Stick-Frame Casino Hotel Proves a Smart Gamble
Lee Milligan, Lemoine senior superintendent, says preparing the site wasn't easy. The casino grounds sit on the Industrial Canal, a 5.5-mile man-made waterway dredged between 1918 and 1923 to connect the Mississippi River and Lake Pontchartrain. The area has housed manufacturers and industrial operations, leaving the subsurface littered with concrete and steel.
"It's a rough site. We pulled out chunks of concrete that were 25 ft square and 9 ft thick with No. 11 bar in them. There were layers of the stuff. It took a long time to get it all out," Milligan says.
Lemoine had to work quickly, preparing the site, driving piles and starting initial stages of the foundation before architectural drawings were complete. Manion says they used fast-track procurement to secure materials and subcontractors. Lemoine broke ground with little more than a conceptual estimate and a few renderings to fit the owner's budget.
In preparing the site, Milligan says they also had to shift the hotel back 8 ft back from its original location on the canal when they discovered the rising water table could cause issues with the foundation.
Lemoine currently has two dozen subcontractors on the job. However, because Lemoine usually deals with steel construction, many of their regular subs didn't have the wood-framing specialties for a building of this size. On the other hand, many wood-framing specialty contractors come from the residential industry and don't operate on a commercial level.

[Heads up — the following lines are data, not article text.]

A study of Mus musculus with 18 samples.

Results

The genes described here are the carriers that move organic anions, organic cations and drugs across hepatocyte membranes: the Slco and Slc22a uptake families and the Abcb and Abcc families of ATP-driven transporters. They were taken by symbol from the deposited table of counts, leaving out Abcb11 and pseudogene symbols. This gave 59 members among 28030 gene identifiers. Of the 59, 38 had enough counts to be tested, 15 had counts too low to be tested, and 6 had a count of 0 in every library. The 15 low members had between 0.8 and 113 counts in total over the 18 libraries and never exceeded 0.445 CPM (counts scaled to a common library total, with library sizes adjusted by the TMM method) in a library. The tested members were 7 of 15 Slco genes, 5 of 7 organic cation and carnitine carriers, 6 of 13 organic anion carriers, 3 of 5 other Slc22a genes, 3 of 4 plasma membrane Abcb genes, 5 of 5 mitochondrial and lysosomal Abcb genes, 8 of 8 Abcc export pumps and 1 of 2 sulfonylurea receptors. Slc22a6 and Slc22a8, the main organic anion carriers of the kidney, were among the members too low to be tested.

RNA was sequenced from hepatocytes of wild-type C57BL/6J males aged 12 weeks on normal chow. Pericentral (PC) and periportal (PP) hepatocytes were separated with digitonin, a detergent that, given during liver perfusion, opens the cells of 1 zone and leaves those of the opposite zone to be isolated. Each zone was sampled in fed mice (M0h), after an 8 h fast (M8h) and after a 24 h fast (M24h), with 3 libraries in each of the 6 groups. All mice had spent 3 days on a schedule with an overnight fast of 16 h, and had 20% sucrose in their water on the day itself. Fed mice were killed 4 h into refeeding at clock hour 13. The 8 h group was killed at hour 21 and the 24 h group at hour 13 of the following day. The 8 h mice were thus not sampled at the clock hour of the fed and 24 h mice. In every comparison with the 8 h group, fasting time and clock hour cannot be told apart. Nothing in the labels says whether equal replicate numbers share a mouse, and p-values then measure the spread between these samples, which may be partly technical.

"Wood framing is unique in commercial, so we had to interview quite a few to find one that could perform commercial grade level in terms of quality, cost and schedule," Manion says.
Lemoine eventually found AFC Inc. of Perkinston, Miss., to handle all framing, drywall and exterior windows. Rick Hodges, AFC president, says while they've worked on numerous commercial assisted-living and multifamily buildings, it's the first time they've seen a five-story, wood-frame hotel. The Simpson rods, elevation changes and unique nailing patterns were a first-time experience, he says.
Milligan says the rest of the process has been "fairly typical," just requiring a little more management.
As of late-January, Lemoine was finishing the roof and had most of the mechanical pieces roughed in. Milligan says the next step is to pour Gyp-Crete on all floors and to hang drywall throughout the building. Other crews will also start on the EIFS (exterior insulation and finish system) skin. Milligan says while there have been some additional challenges and complications, the wood framing has proved to be relatively fast and straight forward, even for a building of this size.